Is the belt drive the future of cycling? Well yes and no. Like any system it has advantages and disadvantages, but after selling them now for a few years we are more and more convinced that for many purposes they make an ideal solution.
They are without doubt cleaner, quieter and longer lasting than a chain so they are perfect for people that want to do high milages with the minimum of maintenance. They don’t need to be lubricated and they run almost silently. A belt drivetrain is considerably lighter than a chain and sprocket.
We offer these bikes with the Gates Carbon Drive
Belts last up to 4x the life of a chain because they don’t ‘stretch’ and wear in the same way. This is because belts have no moving components like a chain, they’re constructed with continuous loops of carbon cord inside a nylon/polyurethane jacket. Chains lengthen over time as their components wear (pins, bushing, rollers) until eventually chains will no longer mesh well with the sprocket teeth. A belt causes some wear on the sprocket which will eventually cause excess noice and eventually some slippage but reports of over 30 000 km usage suggest that this takes a long time.
Obviously there are some disadvantages:
- Belt drivetrains require a lot of tension resulting in a slightly less efficient drivetrain than with a chain. This tension is also said to damage bottom bracket and rear hub bearings but it is our experience that your bearings will wear at the same rate.
- To fit a belt drive you need a special frame. Belt compatible frames have a ‘belt splitter’ in their rear triangle. You also need some means of tensioning the belt. usually 'rocker' dropouts or an eccentric bottom bracket.
- Carbon drivetrains are expensive, but could be considered good value if you take into account the kilometres you can expect to get out of a belt.
- Belts can only be used with an internally geared hub, or as a singlespeed (not for derailleurs). This is primarily why the product is not mainstream.
- Belt lengths are fixed and only certain lengths are available, limiting the drivetrain ratio options available. If you want to fit one to an existing frame, or build a frame for a belt drive, you have to use an online calculator which gives a range of possibilities, in order of suitability.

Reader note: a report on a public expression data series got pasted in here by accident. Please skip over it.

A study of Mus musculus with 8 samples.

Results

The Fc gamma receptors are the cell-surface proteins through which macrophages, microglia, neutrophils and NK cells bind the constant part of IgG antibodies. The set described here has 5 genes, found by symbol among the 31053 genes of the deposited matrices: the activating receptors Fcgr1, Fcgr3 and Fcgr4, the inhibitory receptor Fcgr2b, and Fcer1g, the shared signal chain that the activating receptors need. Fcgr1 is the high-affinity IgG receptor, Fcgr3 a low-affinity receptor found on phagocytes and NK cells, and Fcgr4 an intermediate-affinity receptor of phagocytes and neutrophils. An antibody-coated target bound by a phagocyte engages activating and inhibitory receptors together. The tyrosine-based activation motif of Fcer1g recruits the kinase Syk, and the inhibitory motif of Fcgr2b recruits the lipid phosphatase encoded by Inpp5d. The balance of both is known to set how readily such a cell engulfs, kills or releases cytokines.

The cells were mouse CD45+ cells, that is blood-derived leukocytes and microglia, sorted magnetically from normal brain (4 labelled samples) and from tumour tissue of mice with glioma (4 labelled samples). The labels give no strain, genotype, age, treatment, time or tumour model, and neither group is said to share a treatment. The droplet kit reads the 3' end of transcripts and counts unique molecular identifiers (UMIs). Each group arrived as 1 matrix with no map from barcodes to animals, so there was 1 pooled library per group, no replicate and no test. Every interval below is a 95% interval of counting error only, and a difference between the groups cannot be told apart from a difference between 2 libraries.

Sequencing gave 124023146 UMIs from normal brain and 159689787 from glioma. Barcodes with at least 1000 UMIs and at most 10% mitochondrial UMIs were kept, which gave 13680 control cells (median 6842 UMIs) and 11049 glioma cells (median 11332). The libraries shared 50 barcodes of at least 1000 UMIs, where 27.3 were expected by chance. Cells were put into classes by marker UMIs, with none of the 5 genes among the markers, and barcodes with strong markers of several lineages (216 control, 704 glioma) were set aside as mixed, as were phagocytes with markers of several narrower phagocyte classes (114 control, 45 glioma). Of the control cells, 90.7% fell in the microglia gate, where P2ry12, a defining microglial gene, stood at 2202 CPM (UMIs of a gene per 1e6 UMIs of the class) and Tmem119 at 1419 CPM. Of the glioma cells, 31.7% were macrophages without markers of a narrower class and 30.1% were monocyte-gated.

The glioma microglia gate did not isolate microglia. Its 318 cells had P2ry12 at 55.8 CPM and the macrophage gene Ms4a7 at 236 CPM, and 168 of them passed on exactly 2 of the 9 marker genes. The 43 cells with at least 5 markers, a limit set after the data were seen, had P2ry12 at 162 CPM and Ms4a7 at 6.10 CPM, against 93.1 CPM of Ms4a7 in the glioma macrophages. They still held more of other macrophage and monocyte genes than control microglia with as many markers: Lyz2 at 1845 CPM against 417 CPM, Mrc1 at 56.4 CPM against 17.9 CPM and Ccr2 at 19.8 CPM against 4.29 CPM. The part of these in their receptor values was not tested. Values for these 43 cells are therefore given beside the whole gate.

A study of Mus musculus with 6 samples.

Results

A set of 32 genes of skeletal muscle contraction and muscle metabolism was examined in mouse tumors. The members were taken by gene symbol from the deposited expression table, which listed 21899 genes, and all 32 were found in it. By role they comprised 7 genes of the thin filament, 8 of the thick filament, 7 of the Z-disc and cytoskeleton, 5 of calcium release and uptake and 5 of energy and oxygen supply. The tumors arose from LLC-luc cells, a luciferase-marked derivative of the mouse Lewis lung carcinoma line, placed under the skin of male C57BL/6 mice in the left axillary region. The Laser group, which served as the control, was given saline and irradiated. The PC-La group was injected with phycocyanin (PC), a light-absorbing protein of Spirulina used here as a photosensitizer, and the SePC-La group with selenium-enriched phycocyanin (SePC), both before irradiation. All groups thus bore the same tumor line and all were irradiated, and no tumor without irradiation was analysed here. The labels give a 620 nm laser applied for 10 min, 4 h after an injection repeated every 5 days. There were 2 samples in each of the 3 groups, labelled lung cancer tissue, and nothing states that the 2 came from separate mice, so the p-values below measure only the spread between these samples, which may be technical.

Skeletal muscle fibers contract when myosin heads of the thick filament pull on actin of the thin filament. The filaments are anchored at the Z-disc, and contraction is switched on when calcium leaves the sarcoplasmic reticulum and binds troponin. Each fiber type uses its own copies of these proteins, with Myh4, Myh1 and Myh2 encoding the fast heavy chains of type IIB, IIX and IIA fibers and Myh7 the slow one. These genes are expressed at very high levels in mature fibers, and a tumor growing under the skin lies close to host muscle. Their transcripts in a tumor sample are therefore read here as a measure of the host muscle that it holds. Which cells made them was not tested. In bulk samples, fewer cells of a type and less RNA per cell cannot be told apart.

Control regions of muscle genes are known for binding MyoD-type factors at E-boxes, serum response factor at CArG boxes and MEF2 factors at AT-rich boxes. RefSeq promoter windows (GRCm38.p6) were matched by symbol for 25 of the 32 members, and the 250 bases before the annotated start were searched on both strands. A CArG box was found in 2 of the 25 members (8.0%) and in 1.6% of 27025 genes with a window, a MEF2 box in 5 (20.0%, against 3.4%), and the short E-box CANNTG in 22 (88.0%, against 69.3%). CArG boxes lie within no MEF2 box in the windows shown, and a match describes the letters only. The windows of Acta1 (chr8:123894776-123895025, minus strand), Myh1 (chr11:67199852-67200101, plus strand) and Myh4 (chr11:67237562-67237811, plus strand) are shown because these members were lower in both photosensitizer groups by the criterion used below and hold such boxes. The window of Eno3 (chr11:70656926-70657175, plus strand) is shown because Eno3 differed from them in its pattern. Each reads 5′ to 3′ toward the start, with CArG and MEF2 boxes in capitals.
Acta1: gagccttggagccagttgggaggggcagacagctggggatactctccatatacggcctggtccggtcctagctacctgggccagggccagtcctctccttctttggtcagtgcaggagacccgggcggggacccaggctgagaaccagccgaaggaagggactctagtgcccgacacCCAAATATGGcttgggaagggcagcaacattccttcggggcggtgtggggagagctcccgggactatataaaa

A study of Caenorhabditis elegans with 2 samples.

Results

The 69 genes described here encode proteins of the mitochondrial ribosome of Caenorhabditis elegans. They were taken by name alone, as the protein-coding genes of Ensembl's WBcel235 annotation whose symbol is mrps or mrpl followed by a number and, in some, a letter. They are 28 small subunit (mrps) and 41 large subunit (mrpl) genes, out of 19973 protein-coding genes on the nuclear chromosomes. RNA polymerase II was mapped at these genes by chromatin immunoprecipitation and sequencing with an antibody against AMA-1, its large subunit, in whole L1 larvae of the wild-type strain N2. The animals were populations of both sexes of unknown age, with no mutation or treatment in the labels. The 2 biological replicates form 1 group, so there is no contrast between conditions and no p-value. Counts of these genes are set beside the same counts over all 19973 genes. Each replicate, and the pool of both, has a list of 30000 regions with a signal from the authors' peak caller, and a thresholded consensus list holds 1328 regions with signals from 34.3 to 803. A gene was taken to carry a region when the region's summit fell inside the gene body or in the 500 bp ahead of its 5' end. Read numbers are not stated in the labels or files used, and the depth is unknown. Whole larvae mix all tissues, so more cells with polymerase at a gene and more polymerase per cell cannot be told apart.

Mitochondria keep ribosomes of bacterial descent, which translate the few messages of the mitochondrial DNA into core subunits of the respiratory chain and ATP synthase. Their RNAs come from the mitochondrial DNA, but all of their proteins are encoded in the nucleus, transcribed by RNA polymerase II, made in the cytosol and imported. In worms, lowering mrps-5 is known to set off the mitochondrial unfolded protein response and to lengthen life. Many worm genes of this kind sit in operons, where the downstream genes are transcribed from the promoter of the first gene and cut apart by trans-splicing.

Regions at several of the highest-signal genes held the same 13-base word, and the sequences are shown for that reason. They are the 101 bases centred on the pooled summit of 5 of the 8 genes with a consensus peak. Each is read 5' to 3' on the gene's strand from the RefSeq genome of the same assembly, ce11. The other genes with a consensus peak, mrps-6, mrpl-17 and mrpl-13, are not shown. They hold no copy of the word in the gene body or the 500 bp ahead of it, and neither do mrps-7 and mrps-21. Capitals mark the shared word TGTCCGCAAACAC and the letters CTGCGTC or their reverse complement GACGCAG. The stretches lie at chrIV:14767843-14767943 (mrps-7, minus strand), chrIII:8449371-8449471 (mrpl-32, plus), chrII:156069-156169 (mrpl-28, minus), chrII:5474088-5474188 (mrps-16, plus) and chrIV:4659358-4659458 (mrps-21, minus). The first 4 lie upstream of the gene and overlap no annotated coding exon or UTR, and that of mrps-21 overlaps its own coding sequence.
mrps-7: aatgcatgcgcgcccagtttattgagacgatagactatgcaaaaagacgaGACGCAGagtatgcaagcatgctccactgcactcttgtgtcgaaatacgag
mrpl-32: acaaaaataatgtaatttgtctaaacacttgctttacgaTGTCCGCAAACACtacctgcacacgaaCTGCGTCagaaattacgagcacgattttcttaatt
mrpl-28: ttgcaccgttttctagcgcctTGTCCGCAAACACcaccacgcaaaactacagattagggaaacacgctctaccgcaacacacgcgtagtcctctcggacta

- Belts can be mishandled; users should be careful not to twist or bend the belt.
- Its much more complicated if you want to change your gear ratios as only exact combinations of sprocket size, chainring and belt will work. To calculate what combinations you can use with your chainstay length you will need to download the Gates Carbon Drive Calculator
The Carbon Drive runs at quite a high tension. This tension varies between whether you use a singlespeed or internally geared hub and how powerful you are as a rider. Tension variation (tight spots) may occur when the crank is rotated. Gates therefore recommends taking several tension measurements at different crank arm locations to find an average. Around a 10lb or 15Hz variation is considered acceptable . If significantly more variation exists, Gates recommended centring the chainring on the crank spider.
The Centertrack system solves some of the problems of the CDC/CDX system, namely belts slipping on cogs under low belt tension and high-load. The biggest difference to the CDC/CDX system is that Centertrack will allow for more lateral intolerance: This means that when your frame flexes slightly, the belt is still able to run efficiently without the chance of slipping even though tension is reduced. Because the Centertrack belt runs at a lower tension it will allow for more lateral intolerance and it reduces stress on your drivetrain, namely bottom bracket bearings, hub bearings and chainring/cogs. The Centertrack belt is quieter and clears debris better from the cog and chainring: The open cog design of the Centertrack system actually repels dirt and mud better than the older flanged cog system on the CDC/CDX. With the Centertrack design, the chainline tolerance is reduced. The Centertrack rear cog is stainless steel and should outlast a few belts.